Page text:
So, can I be really honest here? When, in reading Dave Ramsey’s books or listening to his podcasts, he says to get rid of stuff I think to myself “I have nothing to get rid of”. Truth is, as former military, we have already gotten rid of a lot of things. The other part is that we (or I) didn’t want to get rid of anything else. It is hard to let go of items. You spend money on it all only to turn around and sell it for less than half of what you paid for it. That doesn’t feel good. Although we didn’t want to get rid of anything else, we did and we decreased our debt dramatically because of it. Do you want to reduce debt quickly? Yeah, I understand completely!
So if you have read about my debt journey you know this story, but if not I will tell it to you. We were still living life as the two of us, prebaby, when we decided to make a big purchase. Mr. Hubster’s car was on its last leg for sure. It had almost 300,000 miles on it, barely could use the key in the ignition anymore, and the AC didn’t work (and we lived in Eastern North Carolina where it gets hot). It was pitiful. We were both driving paid for cars because it was the frugal thing to do and we liked being able to save money for things like trips or nice dinners.
One day, I had to drive this pitiful thing. Oh no! It was bad! I immediately told my husband that we needed to get him a new ride. We were about to make a cross country move and I just was not sure that it would hold up. This was a very real fear.
The bigger the better
Well, my husband had his heart set on a nice truck. He had been wanting one for years. When I gave him the go ahead, he took off looking for one. Quickly, Mr. Hubster realized that he wasn’t going to be able to get the one he really wanted used, so he looked into a new one. After much deliberation we decided to do it. Yes, Dave, I hear you yelling at us now.
“But I deserve a nice car”
We all tell ourselves some form of this from time to time, right? We were no different. Mr. Hubster loved that thing, the whole $33,000 of it! Yeah, you think I am joking. I wish that I was. I wanted him to be happy. He worked so hard for the military. He really did deserve something. Maybe not $33,000.
It was really nice having a truck though. We loaded and hauled stuff if we wanted. At the same time, it was not so nice having a truck. It took gas and just guzzled it! It was a big truck so that was to be expected I guess.
On second thought…
After we made our second cross country move, we decided that we needed some kind of budgeting help. Our home that we bought was costing us big for repairs and upgrades. Not to mention that our mortgage increased (taxes will be the death of me). I prayed about it a lot. I needed help trying to figure out how we were going to make it off one income while Mr. Hubster went to school. I guess I prayed hard enough because God moved Mr. Hubster’s heart about his beloved truck. He mentioned getting rid of it a couple times before, but I ignored it. When he mentioned it again, we talked about it.
Mr. Hubster knew the truck was expensive and was costing a lot in gas every month. The other thing was that, while we liked the convenience of having a truck whenever, the truth was that we rarely used the bed of it. We had hauled maybe twice since coming to our new home. It just didn’t add up. So we looked into getting rid of it.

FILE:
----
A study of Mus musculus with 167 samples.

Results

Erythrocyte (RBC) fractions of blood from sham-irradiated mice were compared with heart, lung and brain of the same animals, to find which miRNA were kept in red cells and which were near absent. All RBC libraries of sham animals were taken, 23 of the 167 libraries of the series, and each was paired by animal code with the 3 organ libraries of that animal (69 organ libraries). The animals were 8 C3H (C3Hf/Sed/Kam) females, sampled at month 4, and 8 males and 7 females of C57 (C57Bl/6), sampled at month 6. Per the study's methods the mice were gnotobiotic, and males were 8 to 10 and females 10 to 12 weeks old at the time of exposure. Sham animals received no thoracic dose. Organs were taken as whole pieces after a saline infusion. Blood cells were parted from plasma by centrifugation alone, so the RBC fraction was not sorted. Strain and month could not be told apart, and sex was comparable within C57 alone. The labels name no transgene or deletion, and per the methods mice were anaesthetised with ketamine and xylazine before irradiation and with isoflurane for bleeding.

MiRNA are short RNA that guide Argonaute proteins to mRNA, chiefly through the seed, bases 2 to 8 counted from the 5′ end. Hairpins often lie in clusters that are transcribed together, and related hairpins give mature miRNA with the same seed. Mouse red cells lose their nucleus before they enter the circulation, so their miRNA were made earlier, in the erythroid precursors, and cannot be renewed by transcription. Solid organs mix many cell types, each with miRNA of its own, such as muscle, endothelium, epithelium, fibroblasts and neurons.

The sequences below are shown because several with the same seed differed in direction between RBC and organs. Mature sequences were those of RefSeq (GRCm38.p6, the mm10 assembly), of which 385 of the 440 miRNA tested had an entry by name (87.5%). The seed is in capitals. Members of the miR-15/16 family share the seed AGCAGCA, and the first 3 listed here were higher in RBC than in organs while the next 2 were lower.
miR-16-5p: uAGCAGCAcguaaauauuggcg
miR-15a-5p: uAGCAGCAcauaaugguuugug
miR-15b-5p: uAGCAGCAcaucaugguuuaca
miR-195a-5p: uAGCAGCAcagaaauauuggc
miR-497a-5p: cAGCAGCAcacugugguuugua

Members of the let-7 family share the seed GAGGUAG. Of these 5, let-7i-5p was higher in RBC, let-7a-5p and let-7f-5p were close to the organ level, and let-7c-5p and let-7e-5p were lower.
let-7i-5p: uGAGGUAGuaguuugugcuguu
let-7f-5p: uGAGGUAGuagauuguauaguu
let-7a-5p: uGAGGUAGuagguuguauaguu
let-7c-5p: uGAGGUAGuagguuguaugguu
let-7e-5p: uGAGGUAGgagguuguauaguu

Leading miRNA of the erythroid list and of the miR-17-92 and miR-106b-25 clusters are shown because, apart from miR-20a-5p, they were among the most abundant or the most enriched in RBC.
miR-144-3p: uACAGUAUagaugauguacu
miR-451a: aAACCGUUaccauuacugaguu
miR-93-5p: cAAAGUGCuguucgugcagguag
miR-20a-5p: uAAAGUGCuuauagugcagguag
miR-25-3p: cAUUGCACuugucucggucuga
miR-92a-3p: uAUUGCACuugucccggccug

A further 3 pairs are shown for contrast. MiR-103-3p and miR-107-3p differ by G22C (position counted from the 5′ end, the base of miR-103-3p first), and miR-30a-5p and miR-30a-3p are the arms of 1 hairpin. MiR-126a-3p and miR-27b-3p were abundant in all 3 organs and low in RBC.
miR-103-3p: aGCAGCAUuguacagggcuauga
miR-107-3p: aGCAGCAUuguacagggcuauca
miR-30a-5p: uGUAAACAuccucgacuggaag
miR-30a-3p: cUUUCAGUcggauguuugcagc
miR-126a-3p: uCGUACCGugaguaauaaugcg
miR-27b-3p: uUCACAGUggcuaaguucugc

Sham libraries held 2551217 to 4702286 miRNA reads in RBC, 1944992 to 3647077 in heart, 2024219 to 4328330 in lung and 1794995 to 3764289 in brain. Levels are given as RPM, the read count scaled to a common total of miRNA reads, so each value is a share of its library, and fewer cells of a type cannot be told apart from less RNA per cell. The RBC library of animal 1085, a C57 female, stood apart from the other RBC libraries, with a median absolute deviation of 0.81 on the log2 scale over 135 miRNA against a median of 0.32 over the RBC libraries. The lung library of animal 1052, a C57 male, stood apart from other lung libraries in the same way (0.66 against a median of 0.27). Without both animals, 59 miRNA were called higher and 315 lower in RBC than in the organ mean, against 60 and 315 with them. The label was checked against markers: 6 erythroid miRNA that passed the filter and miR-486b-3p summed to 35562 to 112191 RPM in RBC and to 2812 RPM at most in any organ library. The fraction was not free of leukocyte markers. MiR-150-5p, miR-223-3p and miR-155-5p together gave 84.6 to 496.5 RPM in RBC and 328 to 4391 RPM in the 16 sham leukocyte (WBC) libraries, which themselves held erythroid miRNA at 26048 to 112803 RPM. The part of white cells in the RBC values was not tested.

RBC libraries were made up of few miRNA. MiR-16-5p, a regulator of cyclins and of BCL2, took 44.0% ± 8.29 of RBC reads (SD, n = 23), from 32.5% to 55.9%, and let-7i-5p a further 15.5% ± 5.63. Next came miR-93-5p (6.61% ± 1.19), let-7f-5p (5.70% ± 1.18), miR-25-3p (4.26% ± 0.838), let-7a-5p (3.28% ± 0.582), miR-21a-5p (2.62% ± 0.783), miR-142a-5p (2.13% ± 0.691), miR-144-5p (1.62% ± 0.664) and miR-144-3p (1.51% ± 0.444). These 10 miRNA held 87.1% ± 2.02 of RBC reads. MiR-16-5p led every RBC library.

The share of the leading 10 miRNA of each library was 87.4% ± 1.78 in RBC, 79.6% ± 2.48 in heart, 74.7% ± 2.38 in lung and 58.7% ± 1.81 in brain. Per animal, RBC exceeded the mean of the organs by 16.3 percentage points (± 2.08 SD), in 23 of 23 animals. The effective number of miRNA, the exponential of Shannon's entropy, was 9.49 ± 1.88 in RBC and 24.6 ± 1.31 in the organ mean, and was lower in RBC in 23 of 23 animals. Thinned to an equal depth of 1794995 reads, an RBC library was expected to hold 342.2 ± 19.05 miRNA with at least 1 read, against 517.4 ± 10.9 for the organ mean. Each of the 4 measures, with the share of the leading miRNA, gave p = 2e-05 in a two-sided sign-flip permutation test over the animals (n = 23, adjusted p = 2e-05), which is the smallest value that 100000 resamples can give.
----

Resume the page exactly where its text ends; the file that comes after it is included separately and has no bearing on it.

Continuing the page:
Mr. Hubster’s father sells cars and really wanted his truck to sell used. Apparently Toyota Tacoma’s are popular. Pop-pop found us a used car that we could buy, got us a deal on the truck, and we took him up on the offer. No less than 2 weeks later we had a different car. I was so relieved as we walked out of that car dealership that day. We went from owing almost 15 grand on one vehicle still to having a paid for car.
What to do with the “extra” money?
Now, the trick with “freeing up” that much money monthly is that the money should be rolled over into your next debt. We really wanted to do that, but there are other priorities that come first. For us, we have to concentrate on getting our house ready to sell and on getting our envelopes stocked for our move and possible low income for a brief time. Life circumstances call for a different method of action than what a professional may suggest. But you know, that is okay!
As long as the money is not going to waste, I think it is okay. In our situation, we are spending about $500 each month to fix up our home before the move. This is not our preferred way to spend the money that we are saving on our vehicle, but it will help us in the long run. We are happy about our switch and still super relieved about having less debt. We vow to never have debt again after my car is paid off.
So, this lesson has taught us several things. Primarily, we need to not use debt to pay for items. We also need to think about the longevity of our financial decisions. Will it be something that we will need in two years time, or will it be useless to us? We also learned how to let go of something bigger than a car. It was hubster’s dream truck, remember? Letting go can be so liberating.
Do you need help with your budget? Read my personal budget series here.
How about you? Did you reduce debt quickly by selling off an item? How did it work out for you?